Children’s books — particularly picture books — that tackle the subject of war in sensitive and reassuring ways are rare. 

Figuring out how to explain such morbid business to children presents a serious challenge for authors and illustrators. If they truthfully depict death and destruction, they risk increasing children’s fears. If they offer false and improbable scenarios, they risk children’s mistrust.

I have been trying to crack this problem for years, but ever since my former homeland unleashed its war against Ukraine on Feb. 24, finding a solution has become urgent.

My family originated in Ukraine. Watching Russian rockets destroy their hometown, Dnipro, stirs anxiety in me not unlike what children who are far away from Ukraine must feel when they come upon ghastly media images that make the war appear dangerously close.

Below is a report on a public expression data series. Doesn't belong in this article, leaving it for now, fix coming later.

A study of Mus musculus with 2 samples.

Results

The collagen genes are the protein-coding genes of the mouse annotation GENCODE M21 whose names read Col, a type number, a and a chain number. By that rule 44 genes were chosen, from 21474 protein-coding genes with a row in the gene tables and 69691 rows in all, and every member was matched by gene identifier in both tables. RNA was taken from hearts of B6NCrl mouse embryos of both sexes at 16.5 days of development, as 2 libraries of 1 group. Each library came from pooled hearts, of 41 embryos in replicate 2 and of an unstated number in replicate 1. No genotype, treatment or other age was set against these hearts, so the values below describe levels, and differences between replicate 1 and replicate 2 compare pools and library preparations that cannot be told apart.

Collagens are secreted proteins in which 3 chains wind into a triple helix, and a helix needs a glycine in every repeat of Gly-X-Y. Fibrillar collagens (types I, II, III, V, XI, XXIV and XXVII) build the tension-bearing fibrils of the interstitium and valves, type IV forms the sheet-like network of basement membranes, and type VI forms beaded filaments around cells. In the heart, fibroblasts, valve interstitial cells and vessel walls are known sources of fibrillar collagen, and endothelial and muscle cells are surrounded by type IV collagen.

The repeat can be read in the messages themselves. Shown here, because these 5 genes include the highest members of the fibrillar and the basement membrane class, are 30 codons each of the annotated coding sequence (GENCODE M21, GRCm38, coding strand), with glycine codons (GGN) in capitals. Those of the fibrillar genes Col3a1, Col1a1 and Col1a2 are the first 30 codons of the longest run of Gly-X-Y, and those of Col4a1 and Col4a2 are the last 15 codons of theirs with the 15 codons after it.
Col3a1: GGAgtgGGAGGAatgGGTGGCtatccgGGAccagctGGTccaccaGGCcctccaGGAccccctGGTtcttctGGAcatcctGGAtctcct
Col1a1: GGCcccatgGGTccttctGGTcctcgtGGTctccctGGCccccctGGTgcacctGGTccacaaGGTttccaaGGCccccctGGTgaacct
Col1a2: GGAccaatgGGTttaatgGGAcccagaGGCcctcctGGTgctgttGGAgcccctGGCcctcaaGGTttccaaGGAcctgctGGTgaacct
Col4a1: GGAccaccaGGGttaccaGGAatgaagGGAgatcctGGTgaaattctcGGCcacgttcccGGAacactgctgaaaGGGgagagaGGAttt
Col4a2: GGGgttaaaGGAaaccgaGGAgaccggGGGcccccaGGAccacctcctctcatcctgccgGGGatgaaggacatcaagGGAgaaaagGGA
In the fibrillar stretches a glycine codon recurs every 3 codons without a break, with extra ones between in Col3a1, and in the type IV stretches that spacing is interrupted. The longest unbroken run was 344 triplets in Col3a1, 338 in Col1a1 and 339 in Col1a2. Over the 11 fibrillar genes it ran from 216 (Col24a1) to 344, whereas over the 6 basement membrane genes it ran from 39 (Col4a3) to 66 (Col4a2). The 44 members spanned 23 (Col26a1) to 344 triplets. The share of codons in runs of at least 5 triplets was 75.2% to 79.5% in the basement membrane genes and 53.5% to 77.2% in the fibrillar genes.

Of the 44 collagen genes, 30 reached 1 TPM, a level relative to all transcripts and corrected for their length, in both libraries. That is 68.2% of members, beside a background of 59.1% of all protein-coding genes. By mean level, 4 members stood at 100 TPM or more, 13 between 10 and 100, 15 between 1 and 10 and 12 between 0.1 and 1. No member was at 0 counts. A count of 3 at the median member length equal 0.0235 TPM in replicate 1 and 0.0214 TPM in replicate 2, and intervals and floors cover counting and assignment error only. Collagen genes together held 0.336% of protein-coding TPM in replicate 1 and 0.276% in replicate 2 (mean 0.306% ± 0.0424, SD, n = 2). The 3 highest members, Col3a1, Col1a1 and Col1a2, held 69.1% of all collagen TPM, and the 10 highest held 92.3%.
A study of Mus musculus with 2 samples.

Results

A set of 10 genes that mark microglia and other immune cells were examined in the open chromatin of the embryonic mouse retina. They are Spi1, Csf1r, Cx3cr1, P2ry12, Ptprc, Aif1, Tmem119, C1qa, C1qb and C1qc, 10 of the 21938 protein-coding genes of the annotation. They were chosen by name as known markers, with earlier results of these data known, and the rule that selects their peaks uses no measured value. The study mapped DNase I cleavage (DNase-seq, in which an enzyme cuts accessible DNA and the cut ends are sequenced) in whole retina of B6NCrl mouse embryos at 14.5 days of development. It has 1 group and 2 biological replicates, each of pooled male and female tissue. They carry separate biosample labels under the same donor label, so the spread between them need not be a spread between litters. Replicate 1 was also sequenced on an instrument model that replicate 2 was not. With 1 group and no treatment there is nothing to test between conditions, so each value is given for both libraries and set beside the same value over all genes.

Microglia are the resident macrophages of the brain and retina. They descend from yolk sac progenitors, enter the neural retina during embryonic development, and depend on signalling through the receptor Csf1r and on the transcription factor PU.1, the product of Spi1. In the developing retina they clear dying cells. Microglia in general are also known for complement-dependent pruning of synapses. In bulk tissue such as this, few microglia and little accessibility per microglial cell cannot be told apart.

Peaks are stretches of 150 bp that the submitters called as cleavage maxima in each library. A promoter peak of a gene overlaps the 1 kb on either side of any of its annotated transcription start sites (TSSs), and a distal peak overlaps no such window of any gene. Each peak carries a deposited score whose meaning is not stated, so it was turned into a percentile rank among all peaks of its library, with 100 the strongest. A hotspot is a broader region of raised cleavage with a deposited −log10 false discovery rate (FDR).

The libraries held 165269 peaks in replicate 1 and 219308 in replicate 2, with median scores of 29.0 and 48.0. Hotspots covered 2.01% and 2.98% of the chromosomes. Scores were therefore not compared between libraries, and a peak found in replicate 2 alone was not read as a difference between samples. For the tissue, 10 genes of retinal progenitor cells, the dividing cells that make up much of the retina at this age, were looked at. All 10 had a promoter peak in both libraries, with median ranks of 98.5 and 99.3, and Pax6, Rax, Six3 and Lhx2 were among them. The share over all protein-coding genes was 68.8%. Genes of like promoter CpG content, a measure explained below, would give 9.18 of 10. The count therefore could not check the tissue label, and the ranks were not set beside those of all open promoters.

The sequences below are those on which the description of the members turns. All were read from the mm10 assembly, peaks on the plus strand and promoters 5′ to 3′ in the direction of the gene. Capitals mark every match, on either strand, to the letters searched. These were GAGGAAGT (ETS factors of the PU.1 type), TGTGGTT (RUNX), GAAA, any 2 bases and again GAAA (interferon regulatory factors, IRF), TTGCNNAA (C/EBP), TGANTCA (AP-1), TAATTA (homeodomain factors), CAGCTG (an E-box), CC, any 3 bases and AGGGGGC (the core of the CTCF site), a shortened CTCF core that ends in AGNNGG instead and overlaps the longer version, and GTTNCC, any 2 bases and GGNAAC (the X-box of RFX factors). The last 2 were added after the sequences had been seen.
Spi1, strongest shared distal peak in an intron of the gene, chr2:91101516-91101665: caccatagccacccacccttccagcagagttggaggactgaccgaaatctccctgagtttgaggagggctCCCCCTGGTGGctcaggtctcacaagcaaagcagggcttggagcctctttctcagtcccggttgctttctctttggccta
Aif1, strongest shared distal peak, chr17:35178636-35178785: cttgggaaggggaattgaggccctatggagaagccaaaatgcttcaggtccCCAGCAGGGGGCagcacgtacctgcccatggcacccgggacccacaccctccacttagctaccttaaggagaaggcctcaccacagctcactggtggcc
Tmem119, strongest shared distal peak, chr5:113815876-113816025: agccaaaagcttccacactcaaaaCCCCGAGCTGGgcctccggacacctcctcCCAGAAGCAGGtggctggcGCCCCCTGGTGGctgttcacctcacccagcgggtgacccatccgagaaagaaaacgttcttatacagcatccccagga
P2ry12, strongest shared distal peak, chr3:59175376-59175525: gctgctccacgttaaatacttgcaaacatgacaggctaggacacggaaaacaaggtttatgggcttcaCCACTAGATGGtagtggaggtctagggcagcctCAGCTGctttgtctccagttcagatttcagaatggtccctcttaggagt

The encouraging news is that a growing number of publishers are finding effective ways to address this subject without diminishing its gravity.

In NOOR AND BOBBY (Yonder/Restless Books, 40 pp., $18.95, Ages 4 to 7) — written by the French-Lebanese storyteller Praline Gay-Para, illustrated in papercut collage by Lauranne Quentric and translated from the French by Alyson Waters — a boy runs after a dog abandoned by its owner in a city ravaged by war. The location of the city and the circumstances of the dog’s abandonment are never explained, but a sensitive reader will pick up clues that a catastrophe of some kind has taken place. The gap between what proves to be a fairly straightforward narrative and the mysterious world in which it unfolds will lead, one hopes, to honest yet comforting conversations between children and adults.